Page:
Childhood Trauma Survivors Less Satisfied With Marriage. What Can Spouses Do? A Study.


They may, too, behave self-destructively and self-sabotage as a result of dysfunctional strategies employed to try to escape the severe mental pain they feel (e.g. turning to drugs, alcohol, gambling, promiscuous extra-marital sex, etc.)
Such behavior may, of course, wreak havoc with marriage and may be driven by an unconscious repetition compulsion.
Another common consequence of extreme, interpersonal trauma as a child is emotional dysregulation (an inability to control emotions). So, on top of the problems already mentioned, a marriage partner who has undergone severe emotional pain as a child may be prone to outbursts of dissociated, irrational rage during which the prefrontal cortex shuts down thus, temporarily, precluding rational thought and logical problem solving which makes their partner feel as s/he is he is walking on eggshells.
Alternatively, the traumatized marriage partner may emotionally shut down at times of marital stress.
Such (unconsciously driven) strategies may well have been necessary to survive an abusive childhood, but may, too,  have become overlearned to such a degree that such responses have become automatic at times of stress and perceived threat/conflict.
Or, to put it another way, even though such responses are no longer helpful. they can endure long into adulthood, without effective therapy, as the brain continues to act in response to interpersonal danger as it had become conditioned to do during childhood.
On an unconscious level, the dysfunctional responses operate automatically as survival strategies. In effect, the brain is reacting as if there is a catastrophic danger even when, objectively speaking, this clearly is not the case.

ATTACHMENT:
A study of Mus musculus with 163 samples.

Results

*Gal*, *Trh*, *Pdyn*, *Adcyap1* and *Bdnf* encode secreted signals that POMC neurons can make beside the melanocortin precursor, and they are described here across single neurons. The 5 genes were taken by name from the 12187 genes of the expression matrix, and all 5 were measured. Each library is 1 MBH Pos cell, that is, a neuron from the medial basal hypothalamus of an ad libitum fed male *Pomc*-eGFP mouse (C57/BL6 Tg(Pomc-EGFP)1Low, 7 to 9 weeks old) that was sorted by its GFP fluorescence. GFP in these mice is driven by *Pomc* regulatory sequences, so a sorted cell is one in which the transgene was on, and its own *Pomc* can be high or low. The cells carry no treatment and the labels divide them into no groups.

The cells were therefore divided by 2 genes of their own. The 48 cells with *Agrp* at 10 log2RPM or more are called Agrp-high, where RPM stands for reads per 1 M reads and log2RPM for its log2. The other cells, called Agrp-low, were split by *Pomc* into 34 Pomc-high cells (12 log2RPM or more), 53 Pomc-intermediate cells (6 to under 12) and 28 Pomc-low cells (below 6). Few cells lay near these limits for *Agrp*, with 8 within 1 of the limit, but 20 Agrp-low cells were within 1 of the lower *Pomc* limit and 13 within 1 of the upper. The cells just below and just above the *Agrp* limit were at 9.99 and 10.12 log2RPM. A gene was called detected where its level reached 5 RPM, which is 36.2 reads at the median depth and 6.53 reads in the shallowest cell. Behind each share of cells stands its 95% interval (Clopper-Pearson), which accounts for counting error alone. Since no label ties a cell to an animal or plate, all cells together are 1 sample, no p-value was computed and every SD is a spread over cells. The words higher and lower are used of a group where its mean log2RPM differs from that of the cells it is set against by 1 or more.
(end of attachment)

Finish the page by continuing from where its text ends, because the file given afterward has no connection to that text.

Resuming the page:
if one of the married couple is so badly affected by their childhood trauma that it severely, negatively impacts the environment in which their children grow up, they too (i.e. the children) may become traumatized. This phenomenon is sometimes referred to as intergenerational trauma.

To What Degree Can Spouses Of Traumatized Partners  Ameliorate The Problem?

Given the problems childhood trauma can create for a marriage (or any relationship, for that matter) it is perhaps not surprising that those who have been traumatized in the early part of their lives tend to be less satisfied with their marriage than others who have had relatively stable childhoods.

To investigate the nature of this marital dissatisfaction further, Nguyen et al. (2017) conducted a study to find out if qualities in the traumatized individual’s marital partner could ameliorate this sense of dissatisfaction. The study was longitudinal (i.e. conducted over an extended time period) and involved 414 newlywed couples.

The study found that those spouses who had been traumatized as children were less satisfied with their marriages even as newlyweds. Furthermore, their dissatisfaction with their marriages increased over time to a significantly greater degree than did that of the non-traumatized spouses.

It was also found that qualities in the non-traumatized spouse, no matter how positive, failed to significantly alleviate levels of marital dissatisfaction. The researchers inferred, based upon the findings of this study, that the negative effects that severe childhood trauma can have on relationships tend to be so pervasive that (without appropriate therapy) these effects are likely to remain chronic.

These, of course, are the findings of just one study, and further research into the question of how effective spouses can be at reducing marital dissatisfaction related to their traumatized partner’s experiences of childhood toxic stress are necessary.